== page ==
Thursday, October 18, 2007

Some sensible ideas

A possible solution of the the sticky problem of forming a workable coalition in the VR could lie in sub-divisions of the main political parties somehow co-operating on important matters of state.

As Andriy Hromish concludes in an interesting piece in 'Kyiv Weekly' [I've paraphrased it a bit]:

Today Ukrainian society strongly associates the president and the premier with particular political colours. Ukrainians of all colours perceive a broad coalition as a betrayal of interests of both the orange and white-and-blue camps. So, the formation of a coalition of factions of different political camps could break this stereotype and safeguard Ukraine from any major tremors in society.

An article in 'Ekonomicheskye Izvestiya' suggests factions exist in PoR who maybe could go along with this kind of arrangement. I've translated some bits:

Akhmetov and Yanukovych propose their services
A fight is progressing for a 'gold share' for Yulia Tymoshenko and Viktor Yushchenko between Rinat Akhmetov's wing and Viktor Yanukovych's wing of Party of Regions. A source in the pres's secretariat told E-Izvestiya: "Yushchenko absolutely consciously relates to the fact that 228 votes is too few for an effective coalition".

The source said that, in the opinion of the President, for the solution of the major problems e.g. the new constitution, regulating relations between the branches of goverment, between government and opposition, the imperative mandate, the cancellation of the parliamentary immunity and privileges etc. it is not absolutely necessary to have a formal coalition.

"In this situation Yushchenko is counting on the support of the moderate wing of PoR, particularly in the person or Rinat Akhmetov and his team. But negotiations between them are not all smooth - Akhmetov has stringent demands. The one thing that unites them is their striving for stability at different levels of authority," emphasized the source.

"The President is attempting to create such conditions in the rada that even with a limited coalition, legislative work can be accomplished in a normal stable manner."

Two days ago premier Viktor Yanukovych stated that in the new rada it would not possible to create the one-color coalition: "We will make efforts in order to unite Ukraine so that the people can live in stable conditions, and the authorities can work effectively".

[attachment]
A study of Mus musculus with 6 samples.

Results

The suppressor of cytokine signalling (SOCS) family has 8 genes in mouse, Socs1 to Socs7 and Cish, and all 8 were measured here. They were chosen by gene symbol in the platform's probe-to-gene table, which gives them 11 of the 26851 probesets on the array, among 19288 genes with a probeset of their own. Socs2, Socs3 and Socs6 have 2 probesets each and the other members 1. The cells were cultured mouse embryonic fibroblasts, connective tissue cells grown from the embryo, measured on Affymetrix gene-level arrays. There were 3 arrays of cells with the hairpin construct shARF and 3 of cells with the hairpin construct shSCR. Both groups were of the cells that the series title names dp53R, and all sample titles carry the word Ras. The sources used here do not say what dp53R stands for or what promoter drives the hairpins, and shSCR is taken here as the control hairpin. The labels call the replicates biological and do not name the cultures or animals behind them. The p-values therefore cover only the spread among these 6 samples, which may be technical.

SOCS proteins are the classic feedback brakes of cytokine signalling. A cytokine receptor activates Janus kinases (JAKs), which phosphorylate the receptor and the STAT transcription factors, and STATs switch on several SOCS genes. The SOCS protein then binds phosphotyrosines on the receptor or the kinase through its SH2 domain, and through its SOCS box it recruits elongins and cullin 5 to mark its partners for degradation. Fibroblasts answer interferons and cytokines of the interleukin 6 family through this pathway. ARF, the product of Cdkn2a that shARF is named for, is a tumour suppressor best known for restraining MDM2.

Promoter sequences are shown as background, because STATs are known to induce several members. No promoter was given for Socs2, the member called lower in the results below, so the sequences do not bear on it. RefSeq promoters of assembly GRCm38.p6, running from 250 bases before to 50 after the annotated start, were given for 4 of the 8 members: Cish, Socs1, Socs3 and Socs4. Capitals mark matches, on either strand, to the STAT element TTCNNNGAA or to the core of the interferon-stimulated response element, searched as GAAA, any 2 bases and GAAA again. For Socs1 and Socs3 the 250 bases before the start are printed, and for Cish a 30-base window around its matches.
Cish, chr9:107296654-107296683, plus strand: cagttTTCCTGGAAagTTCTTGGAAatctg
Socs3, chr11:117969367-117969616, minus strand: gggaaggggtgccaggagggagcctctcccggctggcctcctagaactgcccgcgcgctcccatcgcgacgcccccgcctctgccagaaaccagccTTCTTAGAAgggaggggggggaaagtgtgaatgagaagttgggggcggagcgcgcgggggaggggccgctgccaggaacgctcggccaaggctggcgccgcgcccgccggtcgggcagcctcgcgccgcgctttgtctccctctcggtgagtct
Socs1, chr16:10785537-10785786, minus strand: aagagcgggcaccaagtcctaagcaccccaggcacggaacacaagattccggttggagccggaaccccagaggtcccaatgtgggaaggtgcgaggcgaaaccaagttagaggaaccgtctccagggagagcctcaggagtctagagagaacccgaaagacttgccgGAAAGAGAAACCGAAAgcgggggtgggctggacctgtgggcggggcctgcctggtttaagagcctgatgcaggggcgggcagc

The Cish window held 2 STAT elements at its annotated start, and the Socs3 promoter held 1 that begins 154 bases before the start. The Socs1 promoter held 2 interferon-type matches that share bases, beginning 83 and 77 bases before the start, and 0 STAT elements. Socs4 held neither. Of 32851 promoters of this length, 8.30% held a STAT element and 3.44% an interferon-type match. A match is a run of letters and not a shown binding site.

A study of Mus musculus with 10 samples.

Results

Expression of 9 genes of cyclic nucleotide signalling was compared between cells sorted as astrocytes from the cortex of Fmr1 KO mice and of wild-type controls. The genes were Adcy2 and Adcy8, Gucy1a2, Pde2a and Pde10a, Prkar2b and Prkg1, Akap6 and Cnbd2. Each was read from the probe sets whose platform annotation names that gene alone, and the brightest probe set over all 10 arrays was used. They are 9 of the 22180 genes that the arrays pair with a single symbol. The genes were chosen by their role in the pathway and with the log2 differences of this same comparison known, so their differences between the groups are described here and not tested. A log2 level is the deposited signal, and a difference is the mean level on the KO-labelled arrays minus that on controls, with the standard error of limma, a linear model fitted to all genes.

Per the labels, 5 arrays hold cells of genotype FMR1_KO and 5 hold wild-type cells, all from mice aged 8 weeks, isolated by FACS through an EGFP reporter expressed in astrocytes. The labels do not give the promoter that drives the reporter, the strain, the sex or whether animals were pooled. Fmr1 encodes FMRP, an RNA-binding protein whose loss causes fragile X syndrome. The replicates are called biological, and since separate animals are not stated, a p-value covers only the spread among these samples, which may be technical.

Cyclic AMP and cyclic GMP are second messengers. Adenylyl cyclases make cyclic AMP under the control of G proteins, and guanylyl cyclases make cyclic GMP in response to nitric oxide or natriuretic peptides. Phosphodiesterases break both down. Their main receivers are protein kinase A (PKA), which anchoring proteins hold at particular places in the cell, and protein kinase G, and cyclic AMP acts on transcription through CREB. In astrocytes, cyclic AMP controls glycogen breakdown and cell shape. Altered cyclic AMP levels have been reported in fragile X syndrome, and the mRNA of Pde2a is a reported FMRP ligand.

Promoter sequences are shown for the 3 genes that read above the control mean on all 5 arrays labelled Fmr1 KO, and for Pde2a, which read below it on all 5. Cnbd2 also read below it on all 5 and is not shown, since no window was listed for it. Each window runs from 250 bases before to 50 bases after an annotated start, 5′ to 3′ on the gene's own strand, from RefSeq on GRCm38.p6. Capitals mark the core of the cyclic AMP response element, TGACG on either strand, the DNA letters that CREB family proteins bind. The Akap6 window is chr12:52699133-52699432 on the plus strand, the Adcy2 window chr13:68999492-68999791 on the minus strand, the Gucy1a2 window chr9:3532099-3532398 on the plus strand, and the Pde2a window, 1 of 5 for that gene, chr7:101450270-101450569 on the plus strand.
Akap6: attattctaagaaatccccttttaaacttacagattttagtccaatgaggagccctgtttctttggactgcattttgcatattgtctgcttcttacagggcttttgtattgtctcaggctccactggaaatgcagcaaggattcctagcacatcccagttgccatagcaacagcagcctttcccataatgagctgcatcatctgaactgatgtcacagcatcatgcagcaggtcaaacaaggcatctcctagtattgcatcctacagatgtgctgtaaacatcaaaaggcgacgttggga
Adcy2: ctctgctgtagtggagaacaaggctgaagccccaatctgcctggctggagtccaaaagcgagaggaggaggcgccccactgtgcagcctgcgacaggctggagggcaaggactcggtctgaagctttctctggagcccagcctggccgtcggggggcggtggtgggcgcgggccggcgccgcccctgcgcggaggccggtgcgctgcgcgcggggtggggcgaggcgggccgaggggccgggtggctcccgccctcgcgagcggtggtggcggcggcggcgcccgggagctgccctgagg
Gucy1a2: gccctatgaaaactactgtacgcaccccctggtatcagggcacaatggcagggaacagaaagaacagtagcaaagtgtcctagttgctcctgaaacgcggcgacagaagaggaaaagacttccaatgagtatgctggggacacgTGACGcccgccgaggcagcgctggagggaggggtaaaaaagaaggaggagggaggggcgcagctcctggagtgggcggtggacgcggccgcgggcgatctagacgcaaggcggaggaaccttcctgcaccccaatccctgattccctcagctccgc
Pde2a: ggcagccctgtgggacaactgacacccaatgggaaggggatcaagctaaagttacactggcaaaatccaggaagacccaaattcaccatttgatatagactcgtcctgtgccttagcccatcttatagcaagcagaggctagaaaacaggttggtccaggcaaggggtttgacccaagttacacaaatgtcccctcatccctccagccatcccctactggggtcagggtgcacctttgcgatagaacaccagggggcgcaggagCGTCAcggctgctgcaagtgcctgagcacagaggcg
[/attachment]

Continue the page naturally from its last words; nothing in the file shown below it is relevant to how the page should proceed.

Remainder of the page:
Another source in the secretariat, said, "The question remains open: does Yanukovych oppose the moderate wing of PoR or not? In this respect Yanukovych it fighting for his place in PoR. But the President is thus far distrustful and is suspiciously disposed to the present premier."

According to the source, Yushchenko is also looking for votes, particularly on key issues, amongst deputies in Lytvyn's bloc: "The ex-speaker [Lytvyn] does not want formally to enter into any coalition. Indeed Lytvyn understands that he will be a junior partner among the others and that his opinion, will rarely be decisive. This does not correspond to the ambitions of Lytvyn, but he is ready for pragmatic collaboration if necessary."

Yanukovych, in the opinion of the source, does not believe the promises of the head of state and leaders of BYuT and NUNS to create acceptable conditions for the opposition: "The doubts of premier are understandable - earlier there was no talk of such conditions, and thus far they do not exist. This is one of the themes of his personal negotiations with the President: the opposition must become a reliable tool of control from the first days of work of the 6th convocation of the VR."

PoR spokesman Vasyl Kiselev refutes that there are different groups of influence in his party: Several of our leaders have made specific efforts to try and find common language with our opponents. Akhmetov and Bogatyryova went to see the President. But not once did Bohatyryovva go to see the President or Baloha without Yanukovych's knowledge."

Also in Ukrainian here

Seems that the main players are approaching the problem of forming a workable parliament in a mature and sensible manner. Whether anything comes of their efforts remains to be seen.

p.s. In the meantime the law courts have to sort out challenges to the election results from the Socialists, the Communist party and from another minor party, before the results of the elections can be officially declared.

It looks suspiciously as if all these legal submissions had a single source - the seriously creepy Serhiy Kivalov - one of the main orange revolution election fraudsters, now a PoR deputy.

1 comment:

elmer said...

Question:

What does "stability at different levels of authority" mean?